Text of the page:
Using Behavioral Economics in Digital Marketing to Entice Consumers

According to the 4 types of cognitive biases

The field of behavioral economics received increased attention from both media and marketers when U.S. academic Richard Thaler won the Nobel Prize in economics in 2017 for incorporating psychological assumptions into analyses of economic decision-making.

Cognitive biases have been used in marketing for a long time, often unknowingly. As engagement with customers increasingly moves online, cognitive biases offer new opportunities for marketers.

There are many cognitive biases, and below we have selected four to discuss how they are being or could be used with great effect online.

Decision paralysis

Is more choice always an advantage? It might not be. Researchers have found that when faced with too many options, we are unable to evaluate them all and, overwhelmed by choice, we might choose not to choose. With this in mind, it is not surprising that Tesco, the U.K.’s biggest retailer, recently decided to remove about one third of the 90,000 products available on its shelves in reaction to the increasing market shares of discounters offering 2,000 to 3,000 products.

Ecommerce brands have an advantage over brick-and-mortar supermarkets. Instead of reducing the number of products they offer, they can help the shopper overcome decision paralysis by making the search for the right product as easy as possible. To help its customer find the right accommodation, for instance, Airbnb offers a wide range of filters according to price, number of beds, amenities offered, etc.

There is a fine line between using behavioral economics to improve customer’s experience and using it to manipulate consumers.

Scarcity principle

People are motivated by shortage: the rarer or more difficult a product or an offer is to obtain, the more valuable it becomes in consumers’ eyes.

In brick-and-mortar stores where stock can be visible, it is easier to demonstrate a shortage. Yet online retailers have been creative in how they tap into this bias by communicating scarcity with real-time numbers, such as limited quantities or a narrow window of time. shows the number of hotel rooms left at a certain price, while clothing outlet Zalando Lounge limits the validity of items in the basket to 20 minutes before removing them.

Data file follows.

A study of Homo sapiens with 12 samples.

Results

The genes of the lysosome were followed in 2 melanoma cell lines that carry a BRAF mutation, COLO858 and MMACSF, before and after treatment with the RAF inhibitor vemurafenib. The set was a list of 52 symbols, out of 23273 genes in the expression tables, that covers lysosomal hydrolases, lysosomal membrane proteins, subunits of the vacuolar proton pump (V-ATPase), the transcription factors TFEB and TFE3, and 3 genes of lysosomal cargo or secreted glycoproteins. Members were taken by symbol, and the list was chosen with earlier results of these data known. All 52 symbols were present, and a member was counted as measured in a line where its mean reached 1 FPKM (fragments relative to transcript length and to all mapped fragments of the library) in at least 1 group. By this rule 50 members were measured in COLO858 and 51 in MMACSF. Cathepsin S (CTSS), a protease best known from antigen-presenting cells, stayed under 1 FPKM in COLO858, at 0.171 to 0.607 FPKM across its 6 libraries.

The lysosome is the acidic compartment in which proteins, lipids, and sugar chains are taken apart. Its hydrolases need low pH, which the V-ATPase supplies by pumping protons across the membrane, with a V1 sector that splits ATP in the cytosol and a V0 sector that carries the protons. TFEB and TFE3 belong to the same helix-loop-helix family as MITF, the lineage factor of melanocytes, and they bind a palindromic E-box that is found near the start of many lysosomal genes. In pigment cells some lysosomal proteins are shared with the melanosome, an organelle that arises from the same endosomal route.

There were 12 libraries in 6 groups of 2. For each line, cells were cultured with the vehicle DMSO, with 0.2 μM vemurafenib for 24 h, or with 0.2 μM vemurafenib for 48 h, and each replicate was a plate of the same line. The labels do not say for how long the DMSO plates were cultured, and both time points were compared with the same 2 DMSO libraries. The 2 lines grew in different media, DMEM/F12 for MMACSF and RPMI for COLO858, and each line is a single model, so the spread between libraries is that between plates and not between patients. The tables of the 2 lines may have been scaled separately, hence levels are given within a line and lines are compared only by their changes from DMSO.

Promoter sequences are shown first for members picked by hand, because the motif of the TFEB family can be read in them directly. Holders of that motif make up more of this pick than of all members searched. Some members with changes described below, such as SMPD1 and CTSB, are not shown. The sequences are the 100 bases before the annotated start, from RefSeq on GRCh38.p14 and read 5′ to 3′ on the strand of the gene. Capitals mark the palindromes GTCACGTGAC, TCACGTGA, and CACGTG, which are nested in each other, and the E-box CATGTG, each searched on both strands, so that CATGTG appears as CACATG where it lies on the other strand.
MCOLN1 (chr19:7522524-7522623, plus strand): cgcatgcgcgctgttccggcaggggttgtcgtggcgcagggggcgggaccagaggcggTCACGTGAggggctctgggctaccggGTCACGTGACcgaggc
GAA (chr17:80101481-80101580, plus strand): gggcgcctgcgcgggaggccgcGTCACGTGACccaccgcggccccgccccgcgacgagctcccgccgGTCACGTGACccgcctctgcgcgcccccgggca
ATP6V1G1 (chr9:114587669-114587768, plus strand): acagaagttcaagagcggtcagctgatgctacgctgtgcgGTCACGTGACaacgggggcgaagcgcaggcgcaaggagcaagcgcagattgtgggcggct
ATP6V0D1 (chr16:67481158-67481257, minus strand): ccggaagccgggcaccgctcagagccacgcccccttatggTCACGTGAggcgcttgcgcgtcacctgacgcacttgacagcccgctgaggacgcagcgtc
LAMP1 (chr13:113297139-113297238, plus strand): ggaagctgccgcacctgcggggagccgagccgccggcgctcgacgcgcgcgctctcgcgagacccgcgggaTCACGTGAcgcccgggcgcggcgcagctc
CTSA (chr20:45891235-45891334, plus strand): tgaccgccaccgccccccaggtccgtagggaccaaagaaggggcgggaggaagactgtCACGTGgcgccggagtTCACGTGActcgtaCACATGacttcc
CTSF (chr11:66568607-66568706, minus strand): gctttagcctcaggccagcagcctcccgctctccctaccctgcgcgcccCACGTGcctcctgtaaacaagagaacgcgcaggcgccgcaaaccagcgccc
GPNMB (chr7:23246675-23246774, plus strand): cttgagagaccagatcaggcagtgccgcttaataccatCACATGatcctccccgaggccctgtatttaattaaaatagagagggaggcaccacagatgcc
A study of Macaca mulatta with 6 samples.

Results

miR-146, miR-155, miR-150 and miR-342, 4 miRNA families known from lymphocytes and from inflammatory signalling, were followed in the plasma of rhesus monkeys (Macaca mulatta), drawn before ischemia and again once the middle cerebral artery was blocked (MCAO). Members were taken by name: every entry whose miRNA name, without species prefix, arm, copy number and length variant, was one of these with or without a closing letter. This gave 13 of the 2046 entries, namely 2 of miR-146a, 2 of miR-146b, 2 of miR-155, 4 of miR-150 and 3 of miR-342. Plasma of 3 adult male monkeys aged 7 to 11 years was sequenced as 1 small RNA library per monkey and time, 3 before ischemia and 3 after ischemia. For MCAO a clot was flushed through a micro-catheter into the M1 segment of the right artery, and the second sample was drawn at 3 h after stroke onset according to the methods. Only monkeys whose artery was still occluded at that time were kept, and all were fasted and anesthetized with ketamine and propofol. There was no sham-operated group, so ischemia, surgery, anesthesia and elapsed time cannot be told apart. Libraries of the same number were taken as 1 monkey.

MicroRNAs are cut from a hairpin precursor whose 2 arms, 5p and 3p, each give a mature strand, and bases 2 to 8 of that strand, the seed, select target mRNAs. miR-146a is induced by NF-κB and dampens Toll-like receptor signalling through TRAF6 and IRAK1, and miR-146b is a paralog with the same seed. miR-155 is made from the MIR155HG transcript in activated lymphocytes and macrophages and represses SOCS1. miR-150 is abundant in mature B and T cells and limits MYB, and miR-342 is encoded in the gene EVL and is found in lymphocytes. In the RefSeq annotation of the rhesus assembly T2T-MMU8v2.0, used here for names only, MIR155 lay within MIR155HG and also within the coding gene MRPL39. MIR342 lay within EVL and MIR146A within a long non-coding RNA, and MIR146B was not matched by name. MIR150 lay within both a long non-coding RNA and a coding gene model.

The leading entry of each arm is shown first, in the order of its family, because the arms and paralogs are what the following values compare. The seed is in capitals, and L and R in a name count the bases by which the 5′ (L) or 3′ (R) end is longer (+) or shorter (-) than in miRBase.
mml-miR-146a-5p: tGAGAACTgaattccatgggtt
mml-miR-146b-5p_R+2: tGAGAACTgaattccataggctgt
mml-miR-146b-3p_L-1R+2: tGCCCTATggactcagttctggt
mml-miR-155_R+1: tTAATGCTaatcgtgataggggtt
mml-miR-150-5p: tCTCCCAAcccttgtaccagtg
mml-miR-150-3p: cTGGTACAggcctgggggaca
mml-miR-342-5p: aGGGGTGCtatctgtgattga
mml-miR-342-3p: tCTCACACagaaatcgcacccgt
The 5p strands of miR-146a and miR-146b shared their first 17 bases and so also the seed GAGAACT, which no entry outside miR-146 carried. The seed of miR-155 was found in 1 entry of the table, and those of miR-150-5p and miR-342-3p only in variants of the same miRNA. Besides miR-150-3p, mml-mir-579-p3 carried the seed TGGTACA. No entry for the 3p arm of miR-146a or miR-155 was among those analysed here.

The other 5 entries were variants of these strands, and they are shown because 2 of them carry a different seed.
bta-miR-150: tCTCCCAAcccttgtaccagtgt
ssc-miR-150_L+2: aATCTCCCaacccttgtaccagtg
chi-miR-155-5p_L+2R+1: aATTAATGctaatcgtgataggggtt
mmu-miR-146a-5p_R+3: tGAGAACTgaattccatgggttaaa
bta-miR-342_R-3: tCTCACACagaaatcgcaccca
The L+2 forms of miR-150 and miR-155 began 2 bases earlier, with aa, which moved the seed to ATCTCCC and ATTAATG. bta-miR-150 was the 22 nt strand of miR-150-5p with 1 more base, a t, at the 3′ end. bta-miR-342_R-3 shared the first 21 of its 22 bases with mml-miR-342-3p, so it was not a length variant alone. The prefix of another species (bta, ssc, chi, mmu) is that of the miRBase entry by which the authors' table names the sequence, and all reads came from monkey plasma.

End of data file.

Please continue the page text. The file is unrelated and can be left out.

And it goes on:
Endowment effect

The endowment effect occurs when we overvalue something that we own and become reluctant to part with it. People are often willing to pay more to keep something they feel they already own while new customers will be less inclined to pay the same price.

The endowment effect is a cornerstone of new business models, such as Stitch Fix, an online styling service. Based on a detailed customer style profile, the startup mails a selection of clothing, shoes and accessories. The customer can try on the items at home, keep what they like and send back the rest. This is where the endowment effect kicks in: Once the customer has received and tried the items, they feel a sense of attachment and will be more likely to keep them.

Decoy effect

The decoy effect is a phenomenon whereby consumers will tend to have a change in preference between two options when presented with a third option that is less desirable. Therefore, by presenting customers with additional choices, marketers can guide customers toward the option they want them to take.

UPC, a Swiss internet provider, added a third option to its choice of internet packages. Once the decoy “Happy home 50,” with 50 Mbit per second for $.99- per month was introduced, the more expensive of two other initial options looked much more interesting.

So, is this good or bad?

As with any other marketing tool, there is a fine line between using behavioral economics to improve customer’s experience and using it to manipulate consumers.

Indeed, the way marketers use cognitive biases does not always lead to added value for the customer. One example how not to apply behavioral economics comes from Uber. The car-sharing company has been using behavioral economics to influence its drivers’ behavior, inducing them to work longer hours, sometimes at hours or locations that were less lucrative for them.

To help marketers and policymakers remain on an ethical path, Thaler has identified these principles that should guide marketers or policymakers when applying cognitive biases: transparence, which says that nudges should never be misleading; ease to opt out, where the customer should be able to easily opt out of an option; and benefit, where the measure should aim at improving the welfare of those being nudged.

If marketers follow these principles, there is a great opportunity to apply behavioral economics in online retail to create real win-win situations and better customer experiences.